Kilauea Point National Wildlife Refuge
Kilauea Point National Wildlife Refuge’s rocky cliffs provide premier nesting and roosting habitat for seven native Hawaiian seabirds.
It is one of the most important seabird nesting sites in the inhabited Hawaiian Islands. Reintroduction of the endangered nene goose began on the refuge in 1991 as part of a statewide recovery program.
Predator control and a predator proof fence line around the perimeter of the refuge are necessary to protect breeding seabirds and nene.
Native plant restoration has been ongoing since the refuge was established in 1985. Habitat management also includes opening and maintaining nesting areas for the recently colonizing Laysan albatross and improving feeding habitat for nene.
Built in 1913 as a navigational aid for commercial shipping between Hawaii and Asia, Kilauea Lighthouse stands as a monument to Hawai’i’s colorful past.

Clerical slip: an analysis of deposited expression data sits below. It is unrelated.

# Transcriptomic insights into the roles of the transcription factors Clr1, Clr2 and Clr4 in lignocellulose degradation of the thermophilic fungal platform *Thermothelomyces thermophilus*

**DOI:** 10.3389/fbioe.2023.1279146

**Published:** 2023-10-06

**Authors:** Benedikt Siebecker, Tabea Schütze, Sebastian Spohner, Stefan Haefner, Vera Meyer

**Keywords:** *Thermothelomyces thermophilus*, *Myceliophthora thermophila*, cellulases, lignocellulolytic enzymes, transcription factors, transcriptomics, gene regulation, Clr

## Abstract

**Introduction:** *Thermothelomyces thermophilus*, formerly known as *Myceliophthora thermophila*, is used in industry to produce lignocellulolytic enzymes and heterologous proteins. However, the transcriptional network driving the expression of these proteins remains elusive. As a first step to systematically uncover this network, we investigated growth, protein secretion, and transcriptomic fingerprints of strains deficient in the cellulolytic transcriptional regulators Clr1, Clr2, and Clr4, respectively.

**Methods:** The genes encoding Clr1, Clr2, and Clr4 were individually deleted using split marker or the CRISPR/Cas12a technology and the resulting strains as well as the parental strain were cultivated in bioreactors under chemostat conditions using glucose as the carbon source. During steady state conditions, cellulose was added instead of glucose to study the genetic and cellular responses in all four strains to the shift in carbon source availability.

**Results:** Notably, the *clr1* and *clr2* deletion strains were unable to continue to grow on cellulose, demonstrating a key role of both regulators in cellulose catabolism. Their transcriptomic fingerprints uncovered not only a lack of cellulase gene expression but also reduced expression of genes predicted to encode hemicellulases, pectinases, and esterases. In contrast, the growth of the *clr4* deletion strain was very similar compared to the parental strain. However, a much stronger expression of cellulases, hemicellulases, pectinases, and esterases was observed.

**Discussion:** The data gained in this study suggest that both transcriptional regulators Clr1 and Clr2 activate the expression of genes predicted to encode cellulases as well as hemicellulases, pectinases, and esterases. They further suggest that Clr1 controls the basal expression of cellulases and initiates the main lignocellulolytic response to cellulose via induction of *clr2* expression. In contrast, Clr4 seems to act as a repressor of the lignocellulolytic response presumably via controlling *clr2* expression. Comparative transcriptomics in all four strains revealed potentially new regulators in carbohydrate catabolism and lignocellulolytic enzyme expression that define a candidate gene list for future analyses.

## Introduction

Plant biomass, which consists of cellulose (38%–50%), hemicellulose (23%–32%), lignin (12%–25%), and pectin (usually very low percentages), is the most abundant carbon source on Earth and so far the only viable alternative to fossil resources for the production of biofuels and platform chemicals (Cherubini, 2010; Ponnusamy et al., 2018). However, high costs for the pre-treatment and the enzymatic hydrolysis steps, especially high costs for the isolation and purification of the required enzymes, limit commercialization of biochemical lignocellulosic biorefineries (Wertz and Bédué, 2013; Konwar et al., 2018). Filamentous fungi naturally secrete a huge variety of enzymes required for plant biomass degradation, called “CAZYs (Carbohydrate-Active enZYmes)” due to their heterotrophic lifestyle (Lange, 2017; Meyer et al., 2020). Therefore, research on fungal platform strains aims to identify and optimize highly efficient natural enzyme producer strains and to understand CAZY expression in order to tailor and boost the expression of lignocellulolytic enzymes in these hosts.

For 62 years, it guided ships and boats safely along Kaua’i’s rugged north shore. In 1976, the Coast Guard deactivated the lighthouse and replaced it with an automatic beacon.
In 1979, the lighthouse was placed on the National Register of Historic Places. Kilauea Point NWR receives over 500,000 visitors per year.
Fish and Wildlife Service
Turn off the Kuhio Highway at the entrance to the town of Kilauea and follow the signs to Kilauea Lighthouse. The refuge is at the end of Lighthouse Road.
Kilauea Point Lighthouse
Kilauea, Kauai, HI
- “Home – Kilauea Point National Wildlife Refuge – U.S. Fish and Wildlife Service”. Accessed May 09, 2020. Link.